PITTSBURGH (KDKA) – Democratic presidential candidate Hillary Clinton brought her campaign to Pittsburgh Wednesday evening, firing up a large crowd of her supporters on the campus of Carnegie Mellon University.

The rally was open to the public and a crowd of about 1,500 packed the gymnasium where she spoke.

Pittsburgh Mayor Bill Peduto and Allegheny County Executive Rich Fitzgerald introduced Clinton to loud cheers from the crowd. The doors opened at 4 p.m. and the rally began just after 6:30 p.m. with Clinton wrapping up shortly before 7:30 p.m.

“To be in this great American city, a city that has not only built bridges, but moved into the future,” said Clinton. “Demonstrating, absolutely, that you can have resilience if you are resourceful, if you don’t give up, you keep working together, we can make it here in Pittsburgh and America.”

Secretary Clinton said the next President must work to unify Americans.

“I think there are three big tests the next president has to meet,” said Clinton. “Number one, can the next president actually deliver results and make differences, positive differences in the lives of Americans of all ages? You’ve got to be able to ask that. I think one of the ways you look is, what have you done already? Who have you helped, who have you fought for, who have you taken on, who have you stood up against? The second test is, can you keep us safe and continue to lead the world on behalf of American values. The third is, can you unify America, can you bring us together, can you end the divisiveness that has become all too common in our politics.”

Clinton drew loud applause from the audience when she spoke about issues like equal pay, clean energy and a woman’s right to choose.

“Hillary is a strong female,” said Meg Boyle, a senior at CMU. “She represents everything I’m looking for in a presidential candidate.”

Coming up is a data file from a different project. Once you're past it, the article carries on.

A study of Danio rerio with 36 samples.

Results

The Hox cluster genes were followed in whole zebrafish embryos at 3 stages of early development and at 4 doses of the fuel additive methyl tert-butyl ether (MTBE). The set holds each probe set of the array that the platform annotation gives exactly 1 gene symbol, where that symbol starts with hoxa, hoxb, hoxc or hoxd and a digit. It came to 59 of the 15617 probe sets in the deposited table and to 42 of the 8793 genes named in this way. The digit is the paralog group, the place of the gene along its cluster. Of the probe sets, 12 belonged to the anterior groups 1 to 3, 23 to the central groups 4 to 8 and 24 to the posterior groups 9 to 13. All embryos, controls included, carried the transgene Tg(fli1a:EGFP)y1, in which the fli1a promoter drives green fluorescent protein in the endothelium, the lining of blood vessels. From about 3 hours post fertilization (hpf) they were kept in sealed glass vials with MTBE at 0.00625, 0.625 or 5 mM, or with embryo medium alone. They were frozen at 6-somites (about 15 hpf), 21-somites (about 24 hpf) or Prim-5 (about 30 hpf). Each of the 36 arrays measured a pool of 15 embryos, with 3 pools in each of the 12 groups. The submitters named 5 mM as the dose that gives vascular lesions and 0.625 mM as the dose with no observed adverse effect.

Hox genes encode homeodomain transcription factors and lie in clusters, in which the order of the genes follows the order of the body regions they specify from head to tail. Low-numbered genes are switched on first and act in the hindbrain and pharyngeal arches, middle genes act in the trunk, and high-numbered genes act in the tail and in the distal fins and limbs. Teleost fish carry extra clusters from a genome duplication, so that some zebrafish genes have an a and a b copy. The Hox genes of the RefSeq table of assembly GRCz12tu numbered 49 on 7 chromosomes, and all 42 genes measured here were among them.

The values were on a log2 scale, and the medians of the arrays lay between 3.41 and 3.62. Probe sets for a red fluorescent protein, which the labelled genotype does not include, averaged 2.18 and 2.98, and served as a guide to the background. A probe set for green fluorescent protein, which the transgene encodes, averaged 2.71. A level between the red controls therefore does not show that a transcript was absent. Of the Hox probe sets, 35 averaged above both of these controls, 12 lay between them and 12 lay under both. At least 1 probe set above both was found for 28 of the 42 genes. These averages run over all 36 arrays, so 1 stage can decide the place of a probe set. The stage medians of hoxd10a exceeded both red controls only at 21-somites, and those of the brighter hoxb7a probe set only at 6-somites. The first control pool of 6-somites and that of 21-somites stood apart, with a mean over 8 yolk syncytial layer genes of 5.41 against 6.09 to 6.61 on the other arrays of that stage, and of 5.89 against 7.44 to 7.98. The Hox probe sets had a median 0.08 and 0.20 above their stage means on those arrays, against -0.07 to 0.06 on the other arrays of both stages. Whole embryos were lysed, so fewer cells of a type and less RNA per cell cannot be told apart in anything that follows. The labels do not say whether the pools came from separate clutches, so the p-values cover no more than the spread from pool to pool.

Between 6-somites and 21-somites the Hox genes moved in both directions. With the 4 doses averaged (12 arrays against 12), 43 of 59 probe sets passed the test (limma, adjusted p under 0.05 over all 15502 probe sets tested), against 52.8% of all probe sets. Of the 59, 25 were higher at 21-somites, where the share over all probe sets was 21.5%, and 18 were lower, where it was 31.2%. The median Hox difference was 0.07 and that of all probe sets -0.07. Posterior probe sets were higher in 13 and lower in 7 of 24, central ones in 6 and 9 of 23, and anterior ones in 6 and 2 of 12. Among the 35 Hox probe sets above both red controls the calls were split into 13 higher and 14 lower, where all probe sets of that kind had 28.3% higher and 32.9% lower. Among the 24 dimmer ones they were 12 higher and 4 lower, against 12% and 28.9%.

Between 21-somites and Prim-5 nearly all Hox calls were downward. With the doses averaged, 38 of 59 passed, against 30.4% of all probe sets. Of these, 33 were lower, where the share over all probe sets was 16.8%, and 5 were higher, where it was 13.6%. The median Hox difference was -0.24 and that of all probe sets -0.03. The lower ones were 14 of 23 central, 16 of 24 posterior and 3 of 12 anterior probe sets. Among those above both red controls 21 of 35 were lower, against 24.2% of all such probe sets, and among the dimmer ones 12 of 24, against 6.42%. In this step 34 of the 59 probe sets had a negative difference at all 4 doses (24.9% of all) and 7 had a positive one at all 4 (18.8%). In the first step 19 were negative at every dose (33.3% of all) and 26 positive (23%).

Pittsburgh Steelers legend Franco Harris also attended the rally and says he’s supporting Clinton.

“I just love her message, and I believe in Hillary,” Harris said.

Edie Popik from Belle Vernon was very excited to attend the rally.

“I’m so thrilled,” said Popik. “I just wish I could have touched her. I’m 82-years-old, and I just want to see the first woman president.”

Across the street from the rally, a handful of Bernie Sanders’ supporters gathered.

“We just think it’s time that someone was really fighting for progressive causes in the White House, and we don’t think that Hillary’s as good an option in that way,” said Bobby Abramson, a Sanders’ supporter.

Earlier in the day, Clinton spoke at the Pennsylvania AFL-CIO Convention in Philadelphia before making her way to Pittsburgh.

Pennsylvania’s primary election will be held on April 26.

According to the latest Quinnipiac University poll, Clinton holds a 50-44 percent lead over rival candidate Bernie Sanders in Pennsylvania. Sanders made a campaign stop in Pittsburgh last week.

Among the Republican candidates, Donald Trump is in the lead with 39 percent of the voters’ support. Ted Cruz is in second with 30 percent, while John Kasich has 24 percent.

However, in a head to head matchup, the poll shows that Kasich is the only Republican candidate who could defeat both Democratic candidates in the race in Pennsylvania.